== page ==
The Central Bank today revised down its forecasts for economic recovery.
The authority’s latest bulletin warned Ireland would continue to suffer as improvements in the rest of the world are hit by a loss of momentum.
Banking chiefs said the economy, including foreign businesses measured by gross domestic product (GDP), would grow marginally by just 0.2% over the year. Irish-only industry, measured by gross national product (GNP), is expected to fall by 1.7%.
Next year the Central Bank believes GDP will grow at 2.4% and GNP at 1.7%.
The authority’s summer bulletin in July had forecast GDP of 0.8% and GNP of -1% this year and respective growth of 2.8% and 2.2% next year.
But with a €50bn bank bail-out bill and high cost of government borrowing, the quarterly report warned the biggest challenges facing the country are tackling the underlying fiscal problems, getting banks back to normal and regaining lost competitiveness.
It said that the global economic recovery has been hit by a loss of momentum and emphasised that the path back to growth will be gradual and uneven.
On the wider financial sector, the Central Bank said trading conditions facing Irish banks in the market for wholesale funding remain difficult.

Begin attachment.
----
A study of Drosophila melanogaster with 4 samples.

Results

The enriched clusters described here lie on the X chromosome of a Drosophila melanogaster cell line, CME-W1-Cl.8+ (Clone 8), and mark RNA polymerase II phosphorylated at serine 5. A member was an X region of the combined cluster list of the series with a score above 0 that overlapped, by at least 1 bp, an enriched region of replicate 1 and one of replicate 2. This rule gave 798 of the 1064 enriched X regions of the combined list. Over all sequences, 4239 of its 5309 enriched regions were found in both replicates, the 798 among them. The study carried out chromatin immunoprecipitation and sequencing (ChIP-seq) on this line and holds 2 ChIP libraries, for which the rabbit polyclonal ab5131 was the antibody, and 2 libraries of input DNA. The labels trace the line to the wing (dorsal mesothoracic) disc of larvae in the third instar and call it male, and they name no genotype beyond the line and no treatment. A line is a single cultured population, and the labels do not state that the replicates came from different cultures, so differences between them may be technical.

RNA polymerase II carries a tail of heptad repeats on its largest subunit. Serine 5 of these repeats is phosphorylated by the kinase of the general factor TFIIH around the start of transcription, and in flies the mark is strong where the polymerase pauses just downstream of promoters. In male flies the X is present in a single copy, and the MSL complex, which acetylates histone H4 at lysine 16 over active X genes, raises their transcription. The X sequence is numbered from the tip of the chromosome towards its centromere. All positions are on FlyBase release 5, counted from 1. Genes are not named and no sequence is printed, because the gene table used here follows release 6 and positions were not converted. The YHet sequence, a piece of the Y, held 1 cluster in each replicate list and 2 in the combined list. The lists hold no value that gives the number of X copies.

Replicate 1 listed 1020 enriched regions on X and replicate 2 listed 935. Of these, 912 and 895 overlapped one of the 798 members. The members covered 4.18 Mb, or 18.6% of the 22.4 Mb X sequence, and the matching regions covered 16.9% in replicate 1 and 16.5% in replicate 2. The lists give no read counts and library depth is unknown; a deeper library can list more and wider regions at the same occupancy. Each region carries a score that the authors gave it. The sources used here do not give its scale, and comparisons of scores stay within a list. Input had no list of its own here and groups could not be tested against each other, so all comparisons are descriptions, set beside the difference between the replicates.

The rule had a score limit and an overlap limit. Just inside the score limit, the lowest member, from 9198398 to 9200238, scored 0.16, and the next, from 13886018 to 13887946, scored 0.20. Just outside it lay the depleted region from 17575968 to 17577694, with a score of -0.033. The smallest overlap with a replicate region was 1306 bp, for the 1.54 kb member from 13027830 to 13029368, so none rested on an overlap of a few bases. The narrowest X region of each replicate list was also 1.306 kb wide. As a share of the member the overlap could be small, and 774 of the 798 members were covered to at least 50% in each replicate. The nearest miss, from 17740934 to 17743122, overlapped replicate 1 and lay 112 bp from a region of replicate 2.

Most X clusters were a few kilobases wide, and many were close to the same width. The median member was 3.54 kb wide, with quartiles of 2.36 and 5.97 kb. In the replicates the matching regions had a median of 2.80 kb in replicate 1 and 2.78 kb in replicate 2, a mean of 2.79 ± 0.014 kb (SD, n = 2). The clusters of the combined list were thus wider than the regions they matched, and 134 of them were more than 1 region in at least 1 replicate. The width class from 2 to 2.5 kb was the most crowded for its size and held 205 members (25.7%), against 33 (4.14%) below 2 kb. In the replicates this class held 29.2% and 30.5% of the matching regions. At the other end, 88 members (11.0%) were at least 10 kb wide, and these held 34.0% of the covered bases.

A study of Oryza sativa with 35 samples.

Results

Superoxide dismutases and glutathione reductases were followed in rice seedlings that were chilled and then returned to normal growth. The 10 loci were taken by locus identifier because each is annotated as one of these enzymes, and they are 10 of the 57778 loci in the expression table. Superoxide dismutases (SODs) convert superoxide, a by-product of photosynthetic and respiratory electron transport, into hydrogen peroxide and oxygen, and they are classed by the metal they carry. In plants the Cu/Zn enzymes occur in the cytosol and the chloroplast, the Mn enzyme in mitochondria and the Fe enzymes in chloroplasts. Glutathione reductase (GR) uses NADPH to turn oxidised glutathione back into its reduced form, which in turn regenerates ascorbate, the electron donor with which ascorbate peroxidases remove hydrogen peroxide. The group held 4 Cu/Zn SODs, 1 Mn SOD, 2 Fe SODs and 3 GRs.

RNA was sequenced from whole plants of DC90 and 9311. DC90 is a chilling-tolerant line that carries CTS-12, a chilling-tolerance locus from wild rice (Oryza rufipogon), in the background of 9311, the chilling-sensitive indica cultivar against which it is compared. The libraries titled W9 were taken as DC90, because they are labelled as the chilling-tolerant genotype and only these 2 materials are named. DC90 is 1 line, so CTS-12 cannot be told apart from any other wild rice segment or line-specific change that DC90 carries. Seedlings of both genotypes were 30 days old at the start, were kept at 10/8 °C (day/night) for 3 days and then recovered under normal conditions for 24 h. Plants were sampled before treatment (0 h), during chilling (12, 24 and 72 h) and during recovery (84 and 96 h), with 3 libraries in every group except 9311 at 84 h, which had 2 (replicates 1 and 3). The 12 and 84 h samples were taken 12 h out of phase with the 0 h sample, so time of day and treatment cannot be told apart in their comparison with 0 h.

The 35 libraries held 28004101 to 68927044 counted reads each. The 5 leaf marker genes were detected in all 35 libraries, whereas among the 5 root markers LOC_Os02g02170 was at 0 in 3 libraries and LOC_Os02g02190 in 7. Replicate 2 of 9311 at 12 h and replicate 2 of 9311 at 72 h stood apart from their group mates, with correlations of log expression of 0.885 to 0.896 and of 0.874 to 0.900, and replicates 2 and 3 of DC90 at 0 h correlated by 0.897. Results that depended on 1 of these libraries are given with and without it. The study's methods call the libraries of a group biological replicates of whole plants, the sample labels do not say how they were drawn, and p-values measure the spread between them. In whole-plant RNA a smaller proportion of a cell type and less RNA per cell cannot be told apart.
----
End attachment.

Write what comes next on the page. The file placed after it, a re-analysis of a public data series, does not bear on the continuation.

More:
“This reflects concerns about both the banking sector itself and the broader fiscal situation in Ireland,” it said.
The Central Bank said the banking system needs to be put back on a sound footing to assist in the recovery of the economy.
It reiterated its belief that the Government needs to save more than €3bn from state running costs in the December Budget.
And it called for a review of the Department of Finance’s path for adjustments to be completed as a matter of urgency. The Bank said it should take account of generally lower prices in the economy, higher debt servicing costs and the prospect of lower-than-projected growth next year.
The Bank went on to call for further wage restraint to drive down costs even further.
“During the boom years, prices and wages moved to unsustainably high levels relative to the country’s trading partners,” the report said.
“There has been a noticeable improvement in conventional measures of competitiveness, such as relative unit labour costs, in the last two years.
“The underlying strengths that were built up in the earlier years of strong growth in the 1990s largely remain in place and these can contribute positively to growth once wage and price competitiveness is more fully restored.”